Health restrictions, spirits lift as Pitt updates COVID-19 guidelines


Joy Cao | Senior Staff Photographer

Pitt students are looking forward to the in-person activities and opportunities that will be available this upcoming year.

By Punya Bhasin, Senior Staff Writer

As more and more people become vaccinated, the Centers for Disease Control and Prevention, Gov. Tom Wolf and Pitt administration are not only lifting their COVID-19 restrictions, but also Pitt students’ spirits.

Lauren Carter, a sophomore forensic psychology major, said with Pitt’s updated COVID-19 guidelines, she is looking forward to the in-person activities and opportunities that will be available this upcoming year.

“I hope the University holds more activities and opportunities for us and I’m looking forward to having them host stuff out on the lawn, getting involved in clubs and just really reaching out and trying to meet new people,” Carter said.

University spokesperson Kevin Zwick said vaccinated students will no longer be required to wear face coverings outdoors, although everyone — regardless of their vaccination status — must wear face coverings inside University buildings. According to Zwick, social distancing is also no longer required.

As the University continues to update its COVID-19 safety protocols, Pitt continues to encourage students and staff to get vaccinated and offers free clinics on campus to provide COVID-19 vaccines.

There were much stricter COVID-19 protocols on campus last year. Students were required to wear masks both indoors and outdoors, weren’t allowed guests inside residence halls and in-person classes and activities were cancelled. More than 1,300 students and 240 employees tested positive for COVID-19 during the year. 

Student Affairs spokesperson Janine Fisher said Pitt has not decided yet on any specific guidelines or capacity limits for student organizations, but Student Affairs is planning to resume in-person activities.

Luis Cantu, a senior philosophy major, said he is “optimistic” about the upcoming academic year and sees the change in mask rules as a sign of returning to normalcy.

“I got the Moderna vaccine so I think I will feel safe returning to campus and going to classes in person,” Cantu said. “I expect things to go back to normal, so I’m pretty optimistic and I don’t have any worries about the upcoming semester.”

Carter said she doesn’t have an issue continuing to wear masks, despite being vaccinated. She said she is willing to wear a mask if others are wearing masks, or if it makes people feel more comfortable.

“If a lot of people in the area are wearing a mask, I’ll wear a mask,” Carter said. “I don’t think it’s that big of a deal and I never really had a huge issue with them, and I will wear a mask if it makes people feel comfortable.”

Carter also said she will continue to wear her mask to protect herself and others from unvaccinated people.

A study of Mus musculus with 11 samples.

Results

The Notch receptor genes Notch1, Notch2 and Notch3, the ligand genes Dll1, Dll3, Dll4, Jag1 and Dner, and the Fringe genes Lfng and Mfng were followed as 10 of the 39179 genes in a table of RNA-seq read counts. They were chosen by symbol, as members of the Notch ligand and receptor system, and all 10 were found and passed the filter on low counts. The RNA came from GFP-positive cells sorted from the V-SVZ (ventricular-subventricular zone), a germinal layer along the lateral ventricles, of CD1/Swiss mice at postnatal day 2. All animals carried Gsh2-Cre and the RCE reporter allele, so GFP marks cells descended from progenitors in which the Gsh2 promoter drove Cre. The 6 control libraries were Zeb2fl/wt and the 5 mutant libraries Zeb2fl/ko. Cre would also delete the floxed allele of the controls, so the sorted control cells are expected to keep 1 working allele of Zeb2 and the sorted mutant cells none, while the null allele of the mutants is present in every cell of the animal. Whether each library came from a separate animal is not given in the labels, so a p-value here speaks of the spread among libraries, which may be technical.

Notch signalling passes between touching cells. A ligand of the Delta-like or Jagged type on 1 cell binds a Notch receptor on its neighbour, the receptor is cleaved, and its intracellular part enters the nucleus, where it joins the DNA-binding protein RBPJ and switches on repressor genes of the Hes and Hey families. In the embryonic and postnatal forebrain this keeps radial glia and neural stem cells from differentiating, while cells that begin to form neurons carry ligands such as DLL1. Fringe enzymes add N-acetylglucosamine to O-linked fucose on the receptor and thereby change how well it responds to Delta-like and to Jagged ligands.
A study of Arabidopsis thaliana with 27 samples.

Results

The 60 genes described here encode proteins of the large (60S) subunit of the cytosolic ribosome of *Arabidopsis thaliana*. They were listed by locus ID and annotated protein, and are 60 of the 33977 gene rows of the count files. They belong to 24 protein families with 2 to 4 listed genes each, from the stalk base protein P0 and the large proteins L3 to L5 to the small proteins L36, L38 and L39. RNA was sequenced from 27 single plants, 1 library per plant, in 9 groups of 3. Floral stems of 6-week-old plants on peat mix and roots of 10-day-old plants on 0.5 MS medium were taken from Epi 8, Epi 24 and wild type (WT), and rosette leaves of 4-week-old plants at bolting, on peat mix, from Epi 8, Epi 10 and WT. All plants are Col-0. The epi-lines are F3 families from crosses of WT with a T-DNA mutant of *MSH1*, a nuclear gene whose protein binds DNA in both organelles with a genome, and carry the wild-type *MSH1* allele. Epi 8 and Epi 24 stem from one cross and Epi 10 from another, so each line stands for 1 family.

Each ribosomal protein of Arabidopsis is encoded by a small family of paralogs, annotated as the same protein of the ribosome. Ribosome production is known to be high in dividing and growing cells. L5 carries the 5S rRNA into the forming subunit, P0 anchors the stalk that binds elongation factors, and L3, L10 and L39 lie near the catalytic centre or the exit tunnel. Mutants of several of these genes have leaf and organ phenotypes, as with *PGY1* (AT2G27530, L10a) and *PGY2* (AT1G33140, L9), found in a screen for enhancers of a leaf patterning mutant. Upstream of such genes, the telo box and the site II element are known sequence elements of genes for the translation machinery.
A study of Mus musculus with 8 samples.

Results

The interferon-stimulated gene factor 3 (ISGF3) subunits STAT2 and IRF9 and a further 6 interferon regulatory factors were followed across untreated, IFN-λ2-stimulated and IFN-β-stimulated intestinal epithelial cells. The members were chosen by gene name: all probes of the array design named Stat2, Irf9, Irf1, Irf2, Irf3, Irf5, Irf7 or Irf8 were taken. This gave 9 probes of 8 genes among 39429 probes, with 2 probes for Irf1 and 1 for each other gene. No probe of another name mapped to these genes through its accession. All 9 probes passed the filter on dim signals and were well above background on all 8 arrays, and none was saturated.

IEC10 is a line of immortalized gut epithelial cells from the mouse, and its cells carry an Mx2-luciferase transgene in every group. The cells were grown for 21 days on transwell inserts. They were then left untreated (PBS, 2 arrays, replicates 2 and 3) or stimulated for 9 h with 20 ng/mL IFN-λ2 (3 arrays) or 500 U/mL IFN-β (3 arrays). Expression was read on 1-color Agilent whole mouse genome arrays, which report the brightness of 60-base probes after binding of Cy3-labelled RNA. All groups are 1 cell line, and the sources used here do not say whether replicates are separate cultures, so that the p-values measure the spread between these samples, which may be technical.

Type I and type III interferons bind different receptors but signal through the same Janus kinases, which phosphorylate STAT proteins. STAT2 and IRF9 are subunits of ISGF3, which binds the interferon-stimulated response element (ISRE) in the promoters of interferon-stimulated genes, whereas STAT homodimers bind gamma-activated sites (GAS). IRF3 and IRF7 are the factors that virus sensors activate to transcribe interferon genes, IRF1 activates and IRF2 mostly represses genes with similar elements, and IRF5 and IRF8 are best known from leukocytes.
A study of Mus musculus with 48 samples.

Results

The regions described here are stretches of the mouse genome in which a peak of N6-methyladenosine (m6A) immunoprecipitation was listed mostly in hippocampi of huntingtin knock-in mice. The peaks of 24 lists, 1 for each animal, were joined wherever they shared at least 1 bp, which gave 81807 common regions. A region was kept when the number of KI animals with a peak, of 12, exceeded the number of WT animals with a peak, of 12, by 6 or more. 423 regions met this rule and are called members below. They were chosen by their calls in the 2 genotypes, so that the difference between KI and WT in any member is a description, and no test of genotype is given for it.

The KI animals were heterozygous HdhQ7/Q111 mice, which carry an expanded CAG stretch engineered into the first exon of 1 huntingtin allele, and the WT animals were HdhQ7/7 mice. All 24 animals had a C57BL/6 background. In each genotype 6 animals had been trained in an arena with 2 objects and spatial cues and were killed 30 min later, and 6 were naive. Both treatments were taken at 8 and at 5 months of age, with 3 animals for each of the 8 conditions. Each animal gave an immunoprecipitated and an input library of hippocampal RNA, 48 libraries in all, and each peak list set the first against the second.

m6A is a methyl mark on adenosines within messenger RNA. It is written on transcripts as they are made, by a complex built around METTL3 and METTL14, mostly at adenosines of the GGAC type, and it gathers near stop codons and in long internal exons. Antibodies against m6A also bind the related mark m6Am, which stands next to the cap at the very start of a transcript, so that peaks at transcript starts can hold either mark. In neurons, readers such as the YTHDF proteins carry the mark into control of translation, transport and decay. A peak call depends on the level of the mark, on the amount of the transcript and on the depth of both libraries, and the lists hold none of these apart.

“I am worried about the actions of some people but it’s the type of thing where you’ll always have people that won’t do something for the good of others, and there’s no good way to solve it or know whether they’re truly vaccinated or not,” Carter said. “So it’s a type of thing that you have to watch out for your own safety, know yourself and just have good judgment.”

Zwick said the “goal” of the University is to provide an in-person experience, but Pitt’s administration has not reached a decision about the further lifting of guidelines due to changing virus conditions and vaccination distribution.

“With the goal to provide an in-person experience in the fall term, our senior leadership team is carefully reviewing a number of options related to the vaccination of our community,” Zwick said. “We know that students and families are eager for a decision, but changing virus conditions, vaccination rates, and vaccine accessibility and availability worldwide make it difficult to know what to expect for our students, faculty and staff who come from a breadth of situations across the globe.”

Cantu said while he hopes everything is back to normal as soon as possible, he maintains his “recipe” for resilience through interacting with people.

“My recipe to be resilient is to just try to develop friendships that can remedy your lack of in-person interaction, while obviously maintaining COVID precautions, because I think a necessary part of enjoying University life is that social aspect for most people,” Cantu said. 

Carter said she hopes both incoming first-year and current students take time to “slow down” this fall semester, and appreciate the return to in-person activities.

“Just take time to slow down and cherish everything that’s happening around you and stay present and in the moment, because it goes by so quickly,” Carter said. “I felt that my first year of college was taken away from me due to the pandemic and I can’t get that back, so I’m looking forward to appreciating the years of college I still have ahead of me.”